The new 2024 Hyundai Kona is larger and more luxurious than its predecessor.
Its spectacular "seamless horizon" front light bar will be standard.
Gasoline and EV versions will reach the U.S. by the end of the year.
Owners of the previous-generation Hyundai Kona only had two substantive complaints according to the company’s vice president of design Sangyup Lee. That was a lack of space in the subcompact SUV’s rear seats and also its limited cargo volume. You will be unsurprised that both these areas have been addressed with the new version.
This is a gentle evolution of a successful formula rather than a radical transformation. The new 2024 Kona is up to 6.9 inches longer than the outgoing version and sits on a wheelbase that has been stretched by 2.4 inches. Inside it features a new design of slimmed-down front seats which are claimed to offer both the same level of comfort and support as the old car but, being 30 percent slimmer, also improve rear legroom. Having sat in an early version of the 2024 car we can confirm it does feel much roomier in back. On Hyundai’s numbers trunk capacity has risen from 13 cubic feet to 17 cubic feet with the rear seats in place.
Intergalactic New Face
The most obvious design difference for the new generation is the arrival of a single full-width light bar at the front of the car—Hyundai calls this the "seamless horizon"—and a similar red taillight graphic at the rear. Sangyup Lee said that this new element was the single most complex feature on the car. It certainly gives the front a very futuristic look, one we feel we’ve seen on a character in at least one Star Wars movie. The actual headlights are much smaller units lower down and mounted on each side of the bumper.
As before, both gas and electric Kona versions will be offered. Other parts of the world will also get a hybrid, but we’re told that there is no chance of that version making it to the United States. The most obvious visual distinction between the EV and the regular combustion version will be that the gas cars get gray body cladding while the Kona Electric’s is body colored. That rule isn’t hard and fast, though: the range-topping N Line, which is a trim level rather than a scintillating performance derivative, will also get body-color protection as well as a cute (but faintly preposterous) two-piece rear spoiler and a more sizable opening in its front bumper.
Interior design also feels substantially upgraded over the outgoing car. The new Kona gets dual 12.3-inch display screens, the one ahead of the driver displaying instrumentation and the central touchscreen handling infotainment functions. Despite that, Hyundai hasn’t followed the herd into digital-only control architecture, with the Kona keeping both a row of function shortcut buttons and physical climate controls below these. We’re told the company isn’t planning to replace conventional buttons in any of its forthcoming models, either, which is a plus in our book. The Kona Electric also benefits from a flat floor in the cabin, although the combustion versions continue to have a compact tunnel.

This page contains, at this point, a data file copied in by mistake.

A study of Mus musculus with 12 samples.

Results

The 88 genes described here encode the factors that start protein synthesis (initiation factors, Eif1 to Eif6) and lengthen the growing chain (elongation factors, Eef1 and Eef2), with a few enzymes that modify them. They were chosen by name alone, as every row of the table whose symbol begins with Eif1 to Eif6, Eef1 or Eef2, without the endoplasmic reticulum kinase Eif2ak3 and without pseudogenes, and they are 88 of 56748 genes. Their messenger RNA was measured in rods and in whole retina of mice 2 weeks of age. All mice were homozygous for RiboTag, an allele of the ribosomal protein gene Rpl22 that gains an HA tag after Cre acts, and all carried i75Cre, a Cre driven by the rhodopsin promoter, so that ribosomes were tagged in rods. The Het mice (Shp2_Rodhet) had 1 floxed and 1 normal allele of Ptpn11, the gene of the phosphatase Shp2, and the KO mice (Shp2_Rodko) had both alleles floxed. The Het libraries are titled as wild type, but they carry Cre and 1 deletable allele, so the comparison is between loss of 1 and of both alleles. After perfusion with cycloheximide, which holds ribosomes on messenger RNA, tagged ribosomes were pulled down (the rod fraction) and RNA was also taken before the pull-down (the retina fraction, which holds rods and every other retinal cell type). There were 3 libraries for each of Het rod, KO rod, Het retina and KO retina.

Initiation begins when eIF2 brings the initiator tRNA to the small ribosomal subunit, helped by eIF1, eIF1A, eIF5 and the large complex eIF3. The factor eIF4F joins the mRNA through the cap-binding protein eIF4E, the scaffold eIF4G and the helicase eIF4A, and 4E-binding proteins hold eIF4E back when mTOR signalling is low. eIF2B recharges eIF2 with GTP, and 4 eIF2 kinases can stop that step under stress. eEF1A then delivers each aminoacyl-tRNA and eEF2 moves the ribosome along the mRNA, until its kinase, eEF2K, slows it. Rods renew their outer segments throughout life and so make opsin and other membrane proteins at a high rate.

We don’t have finalized U.S. specifications yet, but anticipate lots of optional equipment in the pricier versions. The European-spec cars we saw had power front seats with both heating and cooling plus a 360-degree camera system. All versions will support over-the-air software updates, and Hyundai is also planning to allow it to be locked and unlocked through the NFC Near Field Communication function on smartphones and smart watches. All versions of the new Kona get a compact gearshift selector on the side of the steering column, with steering wheel paddles to allow gear selection in combustion versions, and varying regeneration levels in the EV.
Kona was keener to talk about the new Kona Electric than its gasoline sisters. That’s because the combustion versions are going to be substantially similar to the outgoing version, with the choice of a basic 2.0-liter engine and a more powerful turbocharged 1.6-liter above this. Both front-drive and all-wheel drive will continue to be offered, but we will need to wait until close to the car’s formal unveiling at the New York auto show in April for finalized performance figures.
Details on the Kona EV
We do have more numbers for the Kona Electric, though. In some markets Hyundai plans to offer two different versions of the EV, but we’re told to expect that only the more potent version will reach the U.S. with its 65.4-kWh battery pack and a single front motor that produces 214 horsepower.
In Europe, Hyundai is targeting a WLTP range of more than 305 miles—that would likely translate to an EPA rating of somewhere closer to 260 miles (the current car has a slightly smaller battery and is rated at 258 miles on the EPA's test). The Electric’s charging port is at the front and, although it won’t be able to replenish as quickly as the ultra-fast 800-volt architecture of the Ioniq 5, Hyundai says it will be possible to go from 10 percent to 80 percent charge in 41 minutes at the highest rate. That equates to a peak rate of around 77 kW from a DC charger. The Kona Electric will also support "vehicle-to-load" charging, basically allowing it to serve as a giant power pack.
While there are no immediate plans to directly replace the Kona N, Hyundai admits that it may produce a more powerful EV version with all-wheel drive from a second motor at the rear. The company’s engineers admit that this car would seem ideally suited to carry N branding. Here’s hoping that happens, as the prospect of a 430-hp Kona is an intriguing one.
The new Kona will be launched in the U.S. in the third quarter of the year, with pricing details to follow.